Jim H 04-06-2006 10:33 PM

"66 Days Adrift" by William Butler
 
I just finished reading the book 66 Days Adrift by William Butler, and it was very impressive. It's a cleanly written and detailed (almost day by day) account of the sinking of a couple's sailboat (by pilot whales, no less) in mid-Pacific, and the following 66 day adrift in a modern (but lightly made coastal) life raft.

Butler does a great job of detailing the challenges, solutions and mistakes they made, and the account is very contemporary (having occured in 1989). The main difference is that they had an early Type B EPIRB that was useless as far offshore as they were. They luckily had a manual water-maker, but only one fish hook.

The book is a page-turner, and it's pretty much impossible to read without seriously considering how oneself would do in similar circumstances. If nothing else, my impression of the importance of a properly sized, provisioned and maintained has increased about 1000% by reading the book, as well as the need for a modern EPIRB.

However, I read a later article by Butler, and he was somewhat critical of current off-shore cruisers and racers, who may cut corners now that the modern EPIRB and search/recovery systems are improved. Given what can happen in an crisis, however, relying too much on that safety net could have relatively terminal consequences.

Link to more info about the book (and some pictures)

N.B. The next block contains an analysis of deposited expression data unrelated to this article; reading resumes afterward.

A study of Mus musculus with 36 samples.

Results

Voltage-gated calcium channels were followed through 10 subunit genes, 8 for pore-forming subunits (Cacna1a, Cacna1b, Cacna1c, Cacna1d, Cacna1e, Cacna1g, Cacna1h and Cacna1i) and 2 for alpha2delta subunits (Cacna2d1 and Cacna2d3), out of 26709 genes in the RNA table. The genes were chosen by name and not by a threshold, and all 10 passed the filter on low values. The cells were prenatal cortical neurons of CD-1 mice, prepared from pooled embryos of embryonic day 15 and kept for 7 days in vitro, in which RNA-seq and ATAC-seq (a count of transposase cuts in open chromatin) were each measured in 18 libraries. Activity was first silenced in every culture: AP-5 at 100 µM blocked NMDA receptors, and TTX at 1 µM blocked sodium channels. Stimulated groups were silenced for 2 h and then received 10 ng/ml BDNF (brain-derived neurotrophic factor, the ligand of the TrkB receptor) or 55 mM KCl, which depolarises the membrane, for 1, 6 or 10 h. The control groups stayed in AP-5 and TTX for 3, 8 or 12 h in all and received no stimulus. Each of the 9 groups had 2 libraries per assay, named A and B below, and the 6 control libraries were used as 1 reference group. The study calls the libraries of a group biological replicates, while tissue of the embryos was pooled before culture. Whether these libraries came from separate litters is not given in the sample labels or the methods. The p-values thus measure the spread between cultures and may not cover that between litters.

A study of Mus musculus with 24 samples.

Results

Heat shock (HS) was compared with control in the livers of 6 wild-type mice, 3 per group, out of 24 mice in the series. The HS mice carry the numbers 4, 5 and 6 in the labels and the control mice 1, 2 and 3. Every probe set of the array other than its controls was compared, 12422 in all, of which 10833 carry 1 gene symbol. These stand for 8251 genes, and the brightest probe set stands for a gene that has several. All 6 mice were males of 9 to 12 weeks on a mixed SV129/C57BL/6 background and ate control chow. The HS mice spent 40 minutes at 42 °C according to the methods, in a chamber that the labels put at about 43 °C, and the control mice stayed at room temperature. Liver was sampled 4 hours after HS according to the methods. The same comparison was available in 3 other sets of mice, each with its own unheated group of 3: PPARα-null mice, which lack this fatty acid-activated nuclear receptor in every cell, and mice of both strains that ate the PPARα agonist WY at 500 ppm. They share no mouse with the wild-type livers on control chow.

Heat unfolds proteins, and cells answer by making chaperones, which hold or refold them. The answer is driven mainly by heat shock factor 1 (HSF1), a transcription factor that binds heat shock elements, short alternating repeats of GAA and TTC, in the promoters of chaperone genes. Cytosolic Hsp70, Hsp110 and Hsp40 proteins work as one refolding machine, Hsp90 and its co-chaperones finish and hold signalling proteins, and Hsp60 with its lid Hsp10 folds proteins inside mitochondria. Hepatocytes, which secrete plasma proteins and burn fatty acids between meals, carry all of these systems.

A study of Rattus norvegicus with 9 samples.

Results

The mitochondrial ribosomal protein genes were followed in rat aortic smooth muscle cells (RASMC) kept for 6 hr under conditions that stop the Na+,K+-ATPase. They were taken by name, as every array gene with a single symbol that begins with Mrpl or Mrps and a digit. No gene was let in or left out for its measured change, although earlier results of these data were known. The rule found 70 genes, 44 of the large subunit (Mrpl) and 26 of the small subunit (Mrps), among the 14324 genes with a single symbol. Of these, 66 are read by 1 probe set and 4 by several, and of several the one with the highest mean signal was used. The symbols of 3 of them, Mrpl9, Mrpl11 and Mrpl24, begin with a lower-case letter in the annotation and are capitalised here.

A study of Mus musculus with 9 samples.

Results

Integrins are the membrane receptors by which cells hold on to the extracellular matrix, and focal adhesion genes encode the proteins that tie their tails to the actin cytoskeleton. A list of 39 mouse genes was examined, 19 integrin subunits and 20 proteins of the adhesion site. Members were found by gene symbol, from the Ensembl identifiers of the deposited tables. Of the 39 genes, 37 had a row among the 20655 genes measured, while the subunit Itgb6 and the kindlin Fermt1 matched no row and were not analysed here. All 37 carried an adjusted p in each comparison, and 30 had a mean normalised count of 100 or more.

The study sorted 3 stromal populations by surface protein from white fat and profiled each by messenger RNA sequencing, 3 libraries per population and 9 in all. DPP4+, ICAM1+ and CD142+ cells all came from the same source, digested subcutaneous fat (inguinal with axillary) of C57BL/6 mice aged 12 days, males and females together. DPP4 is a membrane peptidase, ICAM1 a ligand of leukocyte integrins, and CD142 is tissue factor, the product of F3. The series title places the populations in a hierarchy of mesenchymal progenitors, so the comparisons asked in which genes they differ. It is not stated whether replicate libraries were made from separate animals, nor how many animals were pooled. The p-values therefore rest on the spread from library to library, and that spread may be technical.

http://www.wbutler.com/daysadrift.html


Jim H

CBinRI 04-07-2006 03:24 PM

You might also be interested in the similarly titled "Adrift," the author of which I cannot presently recall. The author was participating in a single-handed race from the Canaries to the Carribean (I think) when he also collided with a whale or whales and his boat sank. He had a fairly well-provisioned raft and drifted for 77 days before reaching land. The book is in diary form and pretty well-detailed. He survived by working out a spear gun which he used to to spear fish that were attracted by the growth on the bottom of the raft. He was a real McGyver type in terms of repairs and fashioning tools. Photos of his emaciated and bearded self at the conclusion of his journey. It also was a good read. I wouldn't do any bluewater cruising without a good escape plan. No way he would have made it without one.